Monday, August 08, 2005

Don't Buy Housing Bubble Propaganda

Over the last year, the media has done an excellent job of warning the general public of the “imminent” real-estate bubble, comparing this irrational exuberance to the Stock Market Crash of 2000. But an end is nowhere in sight as most regions around the country continue to see double-digit appreciation. People are rushing to buy for fear that rates will increase and that housing prices will keep rising, locking them out of the market.

The most obvious red flag analysts will point to is the fact that price appreciation is far surpassing gains in personal incomes. Logic tells us that eventually people will take their money and run. But for the last decade, we have observed a fundamental shift in the amount of debt households have been willing to take on as Americans have leveraged themselves more than anytime in history.

Since 1990, interest rates on 30-year mortgages have plummeted from more than 10% to roughly 5.5%. The drop in rates, combined with an approximate 50% rise in national median income, has resulted in a 130% increase in the maximum mortgage that a family with a median income can qualify for. So it only makes sense that home prices in California have increased 131% since 1990. Nationally, home prices are up only 104% over the past 15 years, leading economists to wonder why prices aren’t even higher!

In addition, the statistics published by bubble mongers grossly inflate the actual price appreciation taking place. The numbers released by the Office of Federal Housing Enterprise Oversight (OFHEO) only include homes purchased with mortgages below $360,000 that can be bought or backed by Fannie Mae or Freddie Mac. That’s a big distortion, considering that the low end of the market is where most of the speculation takes place. It’s like judging the equity market based solely on penny stocks. Another major flaw is that the OFHEO make no adjustments for property improvements. If I buy a home for $200,000 and later spend $100,000 on renovations, then sell it for $350,000, the entire $150,000 difference would be treated as appreciation!

So don’t buy the housing bubble propaganda as normal market forces are driving the current housing boom. Even if prices do eventually fall, people who are looking for a house should not attempt to time the market. If you plan to live in the same residence for a long time, a potential bubble should never enter into your decision. Otherwise, your timing better be perfect. Remember December 1996, when Alan Greenspan first cautioned stock investors about "irrational exuberance"? The market more than doubled over the next 3 years, and even at the market low, didn’t fall to December 1996 levels. While prices may struggle to keep rising at their current pace, it’s highly doubtful the bubble will burst absent a recession. Most likely, we will see a few more years of considerable gains before leveling-off. Simply put: If it was so obvious that interest rates were going to rise, then rates would already be higher!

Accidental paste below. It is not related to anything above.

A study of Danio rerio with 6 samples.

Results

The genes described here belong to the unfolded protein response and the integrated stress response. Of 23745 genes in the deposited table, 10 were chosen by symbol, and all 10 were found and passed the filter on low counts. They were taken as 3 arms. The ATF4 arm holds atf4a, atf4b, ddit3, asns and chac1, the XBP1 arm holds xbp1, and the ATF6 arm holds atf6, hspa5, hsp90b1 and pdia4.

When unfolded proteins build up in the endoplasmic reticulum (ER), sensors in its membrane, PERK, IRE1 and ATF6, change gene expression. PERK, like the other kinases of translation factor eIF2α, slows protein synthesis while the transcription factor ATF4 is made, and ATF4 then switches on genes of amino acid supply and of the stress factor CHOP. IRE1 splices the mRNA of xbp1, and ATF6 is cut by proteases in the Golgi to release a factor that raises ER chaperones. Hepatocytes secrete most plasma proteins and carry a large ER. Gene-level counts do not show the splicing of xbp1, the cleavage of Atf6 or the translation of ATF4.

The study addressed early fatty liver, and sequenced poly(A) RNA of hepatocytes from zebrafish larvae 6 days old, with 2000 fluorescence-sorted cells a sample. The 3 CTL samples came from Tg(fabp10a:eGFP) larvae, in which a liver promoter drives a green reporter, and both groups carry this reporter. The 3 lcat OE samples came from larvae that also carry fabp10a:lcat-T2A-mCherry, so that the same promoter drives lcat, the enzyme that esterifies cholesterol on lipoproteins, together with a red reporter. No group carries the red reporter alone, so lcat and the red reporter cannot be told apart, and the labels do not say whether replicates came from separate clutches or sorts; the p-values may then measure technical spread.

At 6:45 PM, Blogger Dave S said...

This post has been tagged and ranked as one of the Quality ‘Housing Bubble’ Posts We-Rank has identified.

At 2:13 PM, Anonymous PJ said...

Totally disagree. Runa search on Net Asset Valuation models and see what you find; and financial markets always regress to the mean. With fundamentals nowhere near property values right now, you may be able to hang on for another year - maybe two - but ultimately, in the long run, the fundamentals must be there. And they aren't.

You say Americans are more leveraged than every before - correct. The issue, however, isn't a fundamental shift in consumer purchasing behavior. The issue lies in credit, where the emergence of a new capital markets structure has fundamentally altered how lending takes place. This shift has made it possible for consumers to actually get into loans that no lender would previously ever thought of offering.

All it will take is one small thing to send this house of cards to the ground: interest rates over 7%, job losses, appreciation slowing, inflation, energy prices hsooting up, even a change in consumer psyche. Any one of these will have a much greater effect than ever before, because more borrowers than ever before are in a position of risk.